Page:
30 Years as an Incorporated Association

17 Feb 2022 | News

Headway ADP 1988 Christmas photo

Headway ADP moved into its current premises in 1983. The culmination of work, fundraising, negotiation, sweat and tears. With intense lobbying and representation from Bankstown/Lidcombe Hospital staff, enthusiastic families and their loved ones, Headway ADP was finally able to secure a significant investment from the State Government of NSW to provide a facility that was purpose built and close to transport in Percy Street Bankstown. This meant that persons living with ä “Head Injury” could access a centre that they could finally call their own. The goal of providing social supports to people and families impacted by traumatic brain injury was now a reality. But this was only the start of a longer journey.

By 1992, Headway ADP started its transformation into a Skills Development Centre. The changes not only secured funding but moved the service towards a strengths-based learning culture. Innovative programs were developed with NSW Health funding, and the focus was on life skills, re-education and the then relevant, NSW Disability Service Standards. What was more significant however was the move to change Headway’s legal entity. In 1992, Headway became Headway Adult Development Program Incorporated. This meant that Headway ADP would be able to register as a charity, form a proper committee structure and look to a future of growth and sustainability. Although the relevant State Minister would continue to be a financial stake holder in terms of property and land, tenure was secure provided that the organization could return a modest profit and remain viable. I.e., not dependent on further investment beyond its modest program funding.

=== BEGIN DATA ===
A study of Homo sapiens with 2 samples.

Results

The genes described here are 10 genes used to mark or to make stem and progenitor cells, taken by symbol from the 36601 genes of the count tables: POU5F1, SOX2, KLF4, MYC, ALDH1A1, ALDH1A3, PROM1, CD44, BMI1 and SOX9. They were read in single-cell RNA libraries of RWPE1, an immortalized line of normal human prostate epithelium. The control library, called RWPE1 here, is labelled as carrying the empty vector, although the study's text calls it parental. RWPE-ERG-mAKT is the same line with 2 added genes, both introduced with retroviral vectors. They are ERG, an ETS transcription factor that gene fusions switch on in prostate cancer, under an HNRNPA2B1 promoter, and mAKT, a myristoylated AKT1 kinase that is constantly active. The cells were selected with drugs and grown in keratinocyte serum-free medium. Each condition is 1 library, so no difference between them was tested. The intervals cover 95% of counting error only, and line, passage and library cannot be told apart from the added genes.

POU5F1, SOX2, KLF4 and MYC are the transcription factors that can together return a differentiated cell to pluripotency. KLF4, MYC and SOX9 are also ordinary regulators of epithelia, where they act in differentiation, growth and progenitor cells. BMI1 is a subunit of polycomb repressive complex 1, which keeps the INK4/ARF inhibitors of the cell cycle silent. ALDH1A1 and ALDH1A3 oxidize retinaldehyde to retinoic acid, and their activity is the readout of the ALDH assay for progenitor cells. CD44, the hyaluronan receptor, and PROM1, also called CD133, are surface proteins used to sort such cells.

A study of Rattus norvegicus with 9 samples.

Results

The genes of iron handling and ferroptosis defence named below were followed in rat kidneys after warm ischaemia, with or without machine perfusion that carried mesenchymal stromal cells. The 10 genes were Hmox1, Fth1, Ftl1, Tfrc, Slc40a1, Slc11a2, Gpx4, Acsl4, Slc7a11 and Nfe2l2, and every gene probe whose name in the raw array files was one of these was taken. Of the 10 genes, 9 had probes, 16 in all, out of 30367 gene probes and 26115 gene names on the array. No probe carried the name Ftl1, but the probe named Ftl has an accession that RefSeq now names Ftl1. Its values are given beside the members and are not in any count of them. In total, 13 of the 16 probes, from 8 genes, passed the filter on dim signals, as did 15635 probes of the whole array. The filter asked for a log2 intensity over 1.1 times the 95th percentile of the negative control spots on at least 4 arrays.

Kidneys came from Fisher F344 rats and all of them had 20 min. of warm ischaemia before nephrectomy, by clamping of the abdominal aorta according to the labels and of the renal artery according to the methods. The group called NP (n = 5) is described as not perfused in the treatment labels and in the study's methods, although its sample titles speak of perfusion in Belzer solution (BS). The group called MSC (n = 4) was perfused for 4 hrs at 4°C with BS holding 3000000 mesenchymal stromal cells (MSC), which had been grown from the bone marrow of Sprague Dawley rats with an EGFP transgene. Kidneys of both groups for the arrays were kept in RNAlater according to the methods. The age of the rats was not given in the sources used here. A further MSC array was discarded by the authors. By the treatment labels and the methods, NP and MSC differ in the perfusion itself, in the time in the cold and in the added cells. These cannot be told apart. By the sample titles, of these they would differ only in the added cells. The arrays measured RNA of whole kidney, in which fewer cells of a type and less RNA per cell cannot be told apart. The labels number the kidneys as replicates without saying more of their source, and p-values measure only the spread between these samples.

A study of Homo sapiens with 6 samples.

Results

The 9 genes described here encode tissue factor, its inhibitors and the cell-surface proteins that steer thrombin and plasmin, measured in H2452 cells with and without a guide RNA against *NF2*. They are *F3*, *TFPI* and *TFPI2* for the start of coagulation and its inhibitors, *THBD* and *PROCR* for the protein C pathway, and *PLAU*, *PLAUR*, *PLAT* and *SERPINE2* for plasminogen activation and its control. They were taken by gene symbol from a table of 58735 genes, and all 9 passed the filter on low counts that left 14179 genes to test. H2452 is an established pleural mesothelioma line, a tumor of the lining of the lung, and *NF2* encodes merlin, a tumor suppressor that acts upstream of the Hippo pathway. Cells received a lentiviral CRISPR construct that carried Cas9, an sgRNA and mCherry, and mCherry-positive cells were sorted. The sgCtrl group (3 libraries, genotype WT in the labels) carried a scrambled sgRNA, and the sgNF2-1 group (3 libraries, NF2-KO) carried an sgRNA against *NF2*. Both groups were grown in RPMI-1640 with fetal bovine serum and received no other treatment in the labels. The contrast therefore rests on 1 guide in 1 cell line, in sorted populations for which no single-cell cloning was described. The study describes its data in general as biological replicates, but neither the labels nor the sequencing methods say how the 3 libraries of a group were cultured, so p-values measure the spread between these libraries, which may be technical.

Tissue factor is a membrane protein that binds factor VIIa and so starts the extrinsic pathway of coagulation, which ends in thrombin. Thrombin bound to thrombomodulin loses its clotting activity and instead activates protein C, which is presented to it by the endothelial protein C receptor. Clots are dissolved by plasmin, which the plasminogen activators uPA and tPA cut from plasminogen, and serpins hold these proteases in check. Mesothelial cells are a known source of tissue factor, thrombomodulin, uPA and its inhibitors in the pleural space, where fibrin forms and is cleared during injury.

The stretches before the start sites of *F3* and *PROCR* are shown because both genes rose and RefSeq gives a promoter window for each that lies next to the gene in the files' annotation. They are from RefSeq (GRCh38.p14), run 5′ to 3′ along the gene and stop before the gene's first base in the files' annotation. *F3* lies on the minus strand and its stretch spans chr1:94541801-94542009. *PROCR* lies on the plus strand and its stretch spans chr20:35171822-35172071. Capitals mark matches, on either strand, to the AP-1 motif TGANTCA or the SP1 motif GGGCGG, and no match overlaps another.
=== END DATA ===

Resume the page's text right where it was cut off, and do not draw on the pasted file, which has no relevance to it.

At 2022, Headway ADP has undergone massive transformation and the recent upheaval driven by NDIS transition and National Service Standards. Through all of this however, we have remained true to the mission of the founders. We have been a bedrock service for people living with an acquired brain injury for over 30 years. In 2022, we are still registered as a charity and we proudly maintain our not-for-profit status, meaning that our earnings are reinvested into the community or saved for future projects. We do not pay shareholders. More relevant however, are the improvements we continue to make in assisting people to achieve their life goals.

We now have a secure financial base, a modernised centre and a workforce of over 20 people. We have committee input from our participants, and we aim to exceed the expectations of participants and funding bodies.